There are different types of toothbrush bristles for both manual and electric toothbrushes. What is the best bristle type for you?
Soft, medium and hard are the varieties most commonly sold.
Most toothbrush bristles are made of nylon, a practice started in the late 30’s. Softer bristles can also be made of polyester. Your dentist or oral health professional will advise you on the best bristle type based on your specific needs.
This article will help you better understand when each bristle type is recommended.
Tip: Most manufacturers will color code bristle type and indicate clearly at the top of the package what type of bristle you are buying.
Always double check the bristle type you are buying.
Some patients I’ve treated aren’t even sure if they are using a soft, medium or hard- bristled toothbrush.
The type I most recommend. It is the most comfortable and safest for gums. What do I mean? Most people don’t realize that the efficiency in a toothbrush lies not so much in how much pressure you apply to the brush, but in the brushing technique used. The brushing technique is probably the most important aspect in ensuring properly cleaned teeth.
Some people shy away from soft bristles because they say they can still feel plaque on their teeth after brushing. My answer is revisit your technique. Quite a few people put more pressure on the toothbrush when brushing than is actually needed. Combined with the truly horrendous vigorous up and down motion of brushing, gums can become irritated and damaged over time. I almost always recommend soft-bristled toothbrushes.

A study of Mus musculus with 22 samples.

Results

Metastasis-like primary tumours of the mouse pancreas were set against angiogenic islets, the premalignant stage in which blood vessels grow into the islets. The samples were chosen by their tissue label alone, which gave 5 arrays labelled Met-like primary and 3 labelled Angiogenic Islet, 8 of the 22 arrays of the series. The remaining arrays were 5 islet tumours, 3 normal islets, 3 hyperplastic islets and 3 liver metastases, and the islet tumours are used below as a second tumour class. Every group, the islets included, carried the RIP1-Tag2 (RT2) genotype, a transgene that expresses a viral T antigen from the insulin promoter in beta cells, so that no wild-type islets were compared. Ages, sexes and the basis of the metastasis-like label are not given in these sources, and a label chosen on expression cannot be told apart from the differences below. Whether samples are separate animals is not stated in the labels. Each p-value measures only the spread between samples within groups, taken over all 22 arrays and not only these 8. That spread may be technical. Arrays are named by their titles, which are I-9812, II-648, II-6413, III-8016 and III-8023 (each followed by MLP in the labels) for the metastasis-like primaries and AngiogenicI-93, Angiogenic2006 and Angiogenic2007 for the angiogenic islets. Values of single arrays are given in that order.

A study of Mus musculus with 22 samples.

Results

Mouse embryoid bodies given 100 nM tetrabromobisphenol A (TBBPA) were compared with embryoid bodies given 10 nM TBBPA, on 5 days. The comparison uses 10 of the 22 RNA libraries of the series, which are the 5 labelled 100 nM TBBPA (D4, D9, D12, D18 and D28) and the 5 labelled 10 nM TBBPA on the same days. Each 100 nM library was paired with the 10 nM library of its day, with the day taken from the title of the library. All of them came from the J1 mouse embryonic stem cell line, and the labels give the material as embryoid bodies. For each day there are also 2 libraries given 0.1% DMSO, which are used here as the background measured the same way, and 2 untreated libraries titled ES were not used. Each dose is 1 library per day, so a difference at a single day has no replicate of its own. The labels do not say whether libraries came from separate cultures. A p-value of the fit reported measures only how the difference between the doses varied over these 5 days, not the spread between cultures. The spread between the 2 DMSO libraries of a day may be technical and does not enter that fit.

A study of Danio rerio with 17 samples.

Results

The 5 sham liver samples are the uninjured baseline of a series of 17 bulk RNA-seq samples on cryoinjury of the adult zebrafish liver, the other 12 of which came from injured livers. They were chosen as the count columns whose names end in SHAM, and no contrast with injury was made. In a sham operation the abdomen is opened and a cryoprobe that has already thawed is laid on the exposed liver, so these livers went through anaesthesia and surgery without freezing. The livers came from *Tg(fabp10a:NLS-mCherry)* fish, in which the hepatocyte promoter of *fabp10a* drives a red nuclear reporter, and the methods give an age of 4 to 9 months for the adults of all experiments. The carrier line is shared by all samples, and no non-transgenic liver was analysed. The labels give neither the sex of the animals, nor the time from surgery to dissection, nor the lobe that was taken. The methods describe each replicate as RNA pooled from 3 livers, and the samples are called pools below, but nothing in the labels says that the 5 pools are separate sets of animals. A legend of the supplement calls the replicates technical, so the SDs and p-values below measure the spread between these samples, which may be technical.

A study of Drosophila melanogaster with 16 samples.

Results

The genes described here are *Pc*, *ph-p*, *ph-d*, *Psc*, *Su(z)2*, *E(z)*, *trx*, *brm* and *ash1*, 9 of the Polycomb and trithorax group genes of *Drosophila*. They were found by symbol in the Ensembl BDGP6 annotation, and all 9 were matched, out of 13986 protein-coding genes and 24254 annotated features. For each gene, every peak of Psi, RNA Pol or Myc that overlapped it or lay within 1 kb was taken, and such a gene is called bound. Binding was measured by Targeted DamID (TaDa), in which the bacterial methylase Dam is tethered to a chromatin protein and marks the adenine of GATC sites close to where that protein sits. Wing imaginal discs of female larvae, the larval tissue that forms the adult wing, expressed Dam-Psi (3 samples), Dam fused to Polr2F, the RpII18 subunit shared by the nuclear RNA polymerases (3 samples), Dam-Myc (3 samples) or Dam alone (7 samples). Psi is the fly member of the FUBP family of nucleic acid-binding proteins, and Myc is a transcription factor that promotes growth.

Parents please ensure that children are using soft-bristled brushes. This helps to make toothbrushing a pleasant experience.
There is also an ultra-soft type being manufactured by some brands. This type can be used by someone who has receding gums, may have undergone periodontal surgery or may have irritated gums.
As the name suggests this is a step up in hardness from soft bristles. Quite a few people use these because they can at times remove plaque quicker than a soft-bristled toothbrush. Soft-bristled toothbrushes may bend and flatten on the tooth surface. Speed is not the solution to better brushing. Technique is!
Too much pressure applied on these brushes can again cause damage to gums or enamel depending on the state of the tooth. If your dentist has recommended them to you, be extra careful when brushing around the gum line. Use small concentric circles with the minimum of pressure around the gums to prevent irritation.
I have personally never recommended them to anyone. Not even denture wearers. I have not come across a practical use for them in the mouth unless you have the tactile pressure of a leaf. Even if your teeth are stained these do not effectively remove stains. You risk damaging the enamel even more so if combined with abrasive substances.
Even individuals who do not have natural teeth should still beware of using hard-bristled brushes as certain porcelain, lithium disilicate or ceramic restorations can also be damaged by use of these toothbrushes.
Speak to your oral health provider to find out the right bristle for you. Toothbrushes should be replaced at least every 3 months.
Choosing the right toothbrush is just part of the bigger picture to healthy gums and teeth.